James Lafayette Dickey spent his childhood in Atlanta, where his father was a suburban attorney. He attended Clemson College before entering military service for World War II during his freshman year. After the war, he attended Vanderbilt University, where he was elected to Phi Beta Kappa and from which he graduated with honors. From Vanderbilt, Dickey received both an A.B. and an M.A. in English. He began a teaching career at Rice University in 1949. His teaching was interrupted, however, when he was recalled to serve with the U.S. Air Force in the Korean War. He resumed teaching and civilian life in 1952 at the University of Florida, Gainesville.
From 1963 through 1964, Dickey was poet-in-residence at Reed College, in Portland, Oregon. He then taught at colleges in California, at the University of Wisconsin, and at the University of South Carolina. He became consultant in poetry at the Library of Congress in 1966. As a poet, he received many awards: the Union League Prize in 1958, the Vachel Lindsay Award in 1959, the Longview Award in 1959, the Melville Cane Award in 1965-1966, and the National Book Award in 1966 for the volume Buckdancer’s Choice. Dickey was a Sewanee Review Fellow from 1954 through 1955 and a Guggenheim Fellow from 1962 through 1963. His novel Deliverance was made into a critically and popularly successful film in which Dickey played the part of Sheriff Bullard.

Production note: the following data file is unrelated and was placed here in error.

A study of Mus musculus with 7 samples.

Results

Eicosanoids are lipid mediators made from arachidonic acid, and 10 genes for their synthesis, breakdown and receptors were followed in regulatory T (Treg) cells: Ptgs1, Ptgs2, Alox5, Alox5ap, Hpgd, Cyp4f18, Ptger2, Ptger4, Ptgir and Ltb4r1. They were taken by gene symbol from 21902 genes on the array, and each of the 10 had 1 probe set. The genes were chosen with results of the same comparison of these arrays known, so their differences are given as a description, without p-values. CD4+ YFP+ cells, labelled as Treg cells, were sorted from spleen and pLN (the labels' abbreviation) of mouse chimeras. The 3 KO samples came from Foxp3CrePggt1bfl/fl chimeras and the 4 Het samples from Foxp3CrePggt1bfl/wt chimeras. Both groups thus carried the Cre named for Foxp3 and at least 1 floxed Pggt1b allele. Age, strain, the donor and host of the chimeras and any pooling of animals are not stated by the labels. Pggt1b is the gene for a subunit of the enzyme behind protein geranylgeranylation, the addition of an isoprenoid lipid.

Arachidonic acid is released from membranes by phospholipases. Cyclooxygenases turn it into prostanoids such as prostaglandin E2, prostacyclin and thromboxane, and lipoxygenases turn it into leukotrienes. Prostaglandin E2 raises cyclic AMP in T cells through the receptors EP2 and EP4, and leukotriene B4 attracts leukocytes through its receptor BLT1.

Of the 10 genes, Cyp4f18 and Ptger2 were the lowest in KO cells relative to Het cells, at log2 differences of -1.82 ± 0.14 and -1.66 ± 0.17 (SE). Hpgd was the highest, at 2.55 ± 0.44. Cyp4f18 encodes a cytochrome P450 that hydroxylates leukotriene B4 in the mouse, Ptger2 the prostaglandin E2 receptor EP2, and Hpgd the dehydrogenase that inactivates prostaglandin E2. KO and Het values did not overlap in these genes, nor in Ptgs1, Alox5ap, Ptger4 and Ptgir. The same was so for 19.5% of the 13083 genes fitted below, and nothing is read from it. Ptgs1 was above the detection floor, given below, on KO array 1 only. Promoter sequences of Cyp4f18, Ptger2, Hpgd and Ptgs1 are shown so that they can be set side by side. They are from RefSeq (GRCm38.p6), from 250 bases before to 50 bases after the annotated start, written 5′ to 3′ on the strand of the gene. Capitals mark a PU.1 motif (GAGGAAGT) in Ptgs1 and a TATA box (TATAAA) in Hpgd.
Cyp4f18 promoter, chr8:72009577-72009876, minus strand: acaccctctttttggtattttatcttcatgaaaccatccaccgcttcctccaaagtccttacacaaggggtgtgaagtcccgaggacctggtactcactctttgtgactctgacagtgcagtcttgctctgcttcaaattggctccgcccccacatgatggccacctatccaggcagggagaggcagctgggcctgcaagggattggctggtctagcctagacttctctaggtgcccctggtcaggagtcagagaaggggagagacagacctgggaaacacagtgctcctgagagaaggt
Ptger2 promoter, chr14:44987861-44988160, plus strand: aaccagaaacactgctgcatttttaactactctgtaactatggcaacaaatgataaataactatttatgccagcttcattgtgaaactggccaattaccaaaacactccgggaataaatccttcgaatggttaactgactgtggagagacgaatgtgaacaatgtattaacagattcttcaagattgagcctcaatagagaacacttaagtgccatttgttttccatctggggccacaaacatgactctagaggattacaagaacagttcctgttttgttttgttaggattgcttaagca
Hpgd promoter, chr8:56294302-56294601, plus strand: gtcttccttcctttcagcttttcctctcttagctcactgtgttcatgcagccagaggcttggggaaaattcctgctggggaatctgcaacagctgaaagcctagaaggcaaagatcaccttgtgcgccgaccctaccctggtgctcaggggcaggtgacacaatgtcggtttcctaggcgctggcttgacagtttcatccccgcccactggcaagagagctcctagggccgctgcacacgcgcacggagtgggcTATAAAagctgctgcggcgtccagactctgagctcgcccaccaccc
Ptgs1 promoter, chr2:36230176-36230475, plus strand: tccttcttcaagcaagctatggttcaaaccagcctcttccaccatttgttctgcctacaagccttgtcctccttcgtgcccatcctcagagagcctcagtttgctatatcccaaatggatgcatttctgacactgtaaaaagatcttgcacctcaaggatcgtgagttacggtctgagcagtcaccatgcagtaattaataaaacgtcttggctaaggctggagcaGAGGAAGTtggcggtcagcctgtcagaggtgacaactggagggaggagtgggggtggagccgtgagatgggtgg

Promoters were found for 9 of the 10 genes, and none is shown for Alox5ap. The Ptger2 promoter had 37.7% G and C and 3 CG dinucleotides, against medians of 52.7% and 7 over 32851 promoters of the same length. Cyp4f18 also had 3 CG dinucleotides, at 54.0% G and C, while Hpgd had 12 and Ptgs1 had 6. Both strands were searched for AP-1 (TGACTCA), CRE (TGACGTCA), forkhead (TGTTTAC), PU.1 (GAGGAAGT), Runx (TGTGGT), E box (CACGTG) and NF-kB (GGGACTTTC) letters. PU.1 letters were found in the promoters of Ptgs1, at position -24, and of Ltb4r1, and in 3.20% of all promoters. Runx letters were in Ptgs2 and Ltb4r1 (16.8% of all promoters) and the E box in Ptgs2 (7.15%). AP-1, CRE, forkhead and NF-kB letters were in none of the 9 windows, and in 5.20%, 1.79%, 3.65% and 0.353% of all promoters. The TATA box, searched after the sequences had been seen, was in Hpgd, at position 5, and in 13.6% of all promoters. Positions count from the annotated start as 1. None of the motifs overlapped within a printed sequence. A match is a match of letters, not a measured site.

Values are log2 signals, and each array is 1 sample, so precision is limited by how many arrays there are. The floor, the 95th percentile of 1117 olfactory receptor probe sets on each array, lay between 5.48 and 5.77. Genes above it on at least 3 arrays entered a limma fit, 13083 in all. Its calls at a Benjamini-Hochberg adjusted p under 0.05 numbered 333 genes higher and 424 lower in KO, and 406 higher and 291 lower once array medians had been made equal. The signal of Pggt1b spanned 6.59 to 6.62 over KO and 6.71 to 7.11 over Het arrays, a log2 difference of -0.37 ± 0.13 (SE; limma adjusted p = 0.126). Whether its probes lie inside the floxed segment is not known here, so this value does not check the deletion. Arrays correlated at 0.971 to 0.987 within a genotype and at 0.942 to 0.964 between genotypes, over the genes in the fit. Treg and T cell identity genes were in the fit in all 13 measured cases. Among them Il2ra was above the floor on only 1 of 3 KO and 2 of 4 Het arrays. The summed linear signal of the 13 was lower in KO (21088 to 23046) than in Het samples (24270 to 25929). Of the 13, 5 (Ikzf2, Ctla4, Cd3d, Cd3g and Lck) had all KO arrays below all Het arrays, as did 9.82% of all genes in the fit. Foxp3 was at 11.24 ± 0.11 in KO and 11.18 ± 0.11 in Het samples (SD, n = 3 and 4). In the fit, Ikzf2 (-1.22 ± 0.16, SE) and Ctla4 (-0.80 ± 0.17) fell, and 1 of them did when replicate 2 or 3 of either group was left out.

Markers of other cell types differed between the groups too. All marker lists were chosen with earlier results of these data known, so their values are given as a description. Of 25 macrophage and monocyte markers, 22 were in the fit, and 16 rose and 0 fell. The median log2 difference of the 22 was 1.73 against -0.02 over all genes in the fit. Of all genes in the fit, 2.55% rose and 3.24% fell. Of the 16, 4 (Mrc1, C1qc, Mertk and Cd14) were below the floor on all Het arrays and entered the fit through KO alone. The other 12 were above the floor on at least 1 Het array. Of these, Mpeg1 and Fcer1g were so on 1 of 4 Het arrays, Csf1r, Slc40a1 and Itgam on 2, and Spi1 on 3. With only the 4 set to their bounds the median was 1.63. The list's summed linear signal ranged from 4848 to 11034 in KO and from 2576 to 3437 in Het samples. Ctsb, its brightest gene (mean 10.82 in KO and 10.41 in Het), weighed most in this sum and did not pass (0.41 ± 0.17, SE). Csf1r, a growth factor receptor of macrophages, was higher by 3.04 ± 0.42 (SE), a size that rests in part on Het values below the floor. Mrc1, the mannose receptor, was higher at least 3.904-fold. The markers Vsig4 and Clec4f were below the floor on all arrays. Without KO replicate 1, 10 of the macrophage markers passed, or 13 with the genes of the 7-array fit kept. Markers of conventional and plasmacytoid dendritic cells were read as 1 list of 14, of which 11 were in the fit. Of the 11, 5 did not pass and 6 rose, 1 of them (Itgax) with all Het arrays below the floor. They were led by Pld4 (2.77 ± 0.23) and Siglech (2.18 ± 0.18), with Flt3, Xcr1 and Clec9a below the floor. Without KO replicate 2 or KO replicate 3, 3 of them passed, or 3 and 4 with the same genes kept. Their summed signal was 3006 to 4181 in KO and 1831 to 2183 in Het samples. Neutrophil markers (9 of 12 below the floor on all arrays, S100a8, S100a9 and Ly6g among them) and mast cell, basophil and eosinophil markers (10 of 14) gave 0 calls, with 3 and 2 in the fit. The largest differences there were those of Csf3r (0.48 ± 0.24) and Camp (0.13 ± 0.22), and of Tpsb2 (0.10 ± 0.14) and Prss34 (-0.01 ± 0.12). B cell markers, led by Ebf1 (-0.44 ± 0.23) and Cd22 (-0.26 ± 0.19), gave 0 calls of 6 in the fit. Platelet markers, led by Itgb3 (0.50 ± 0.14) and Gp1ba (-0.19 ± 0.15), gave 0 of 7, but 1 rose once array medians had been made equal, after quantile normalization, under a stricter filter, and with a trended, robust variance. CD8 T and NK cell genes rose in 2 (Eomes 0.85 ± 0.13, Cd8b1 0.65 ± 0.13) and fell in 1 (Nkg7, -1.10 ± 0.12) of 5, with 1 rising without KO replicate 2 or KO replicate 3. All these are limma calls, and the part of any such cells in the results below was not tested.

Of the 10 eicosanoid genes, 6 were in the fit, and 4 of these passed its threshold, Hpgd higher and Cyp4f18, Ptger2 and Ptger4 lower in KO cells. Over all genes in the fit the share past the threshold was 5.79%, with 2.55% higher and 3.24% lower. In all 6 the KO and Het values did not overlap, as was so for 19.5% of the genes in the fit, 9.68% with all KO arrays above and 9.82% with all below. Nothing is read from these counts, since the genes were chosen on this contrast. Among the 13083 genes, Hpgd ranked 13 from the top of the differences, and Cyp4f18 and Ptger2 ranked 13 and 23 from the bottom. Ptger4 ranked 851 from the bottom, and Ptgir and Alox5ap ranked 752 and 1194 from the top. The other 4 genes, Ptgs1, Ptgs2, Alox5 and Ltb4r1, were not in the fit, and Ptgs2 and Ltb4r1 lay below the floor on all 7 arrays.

As a poet, James Dickey avoided classification with a movement, even though for a time he and his guitar made the rounds of the poetry-reading circuit of U.S. campuses. Of his own poetry, Dickey said that he wanted what he wrote to mean something to people in the situations in which they find themselves, rather than to be a display of his own abilities as a poet. As a result, his poetry has a simplicity and a directness, as exemplified in “The Firebombing,” one of his best-known poems. Not surprisingly, one of James Dickey’s favorite poets was Richard Wilbur.
Dickey was married twice and was the father of a daughter and two sons. He was enthusiastic about field archery, hunting, and guitar playing as personal hobbies. Dickey died of complications from lung disease at the age of seventy-three.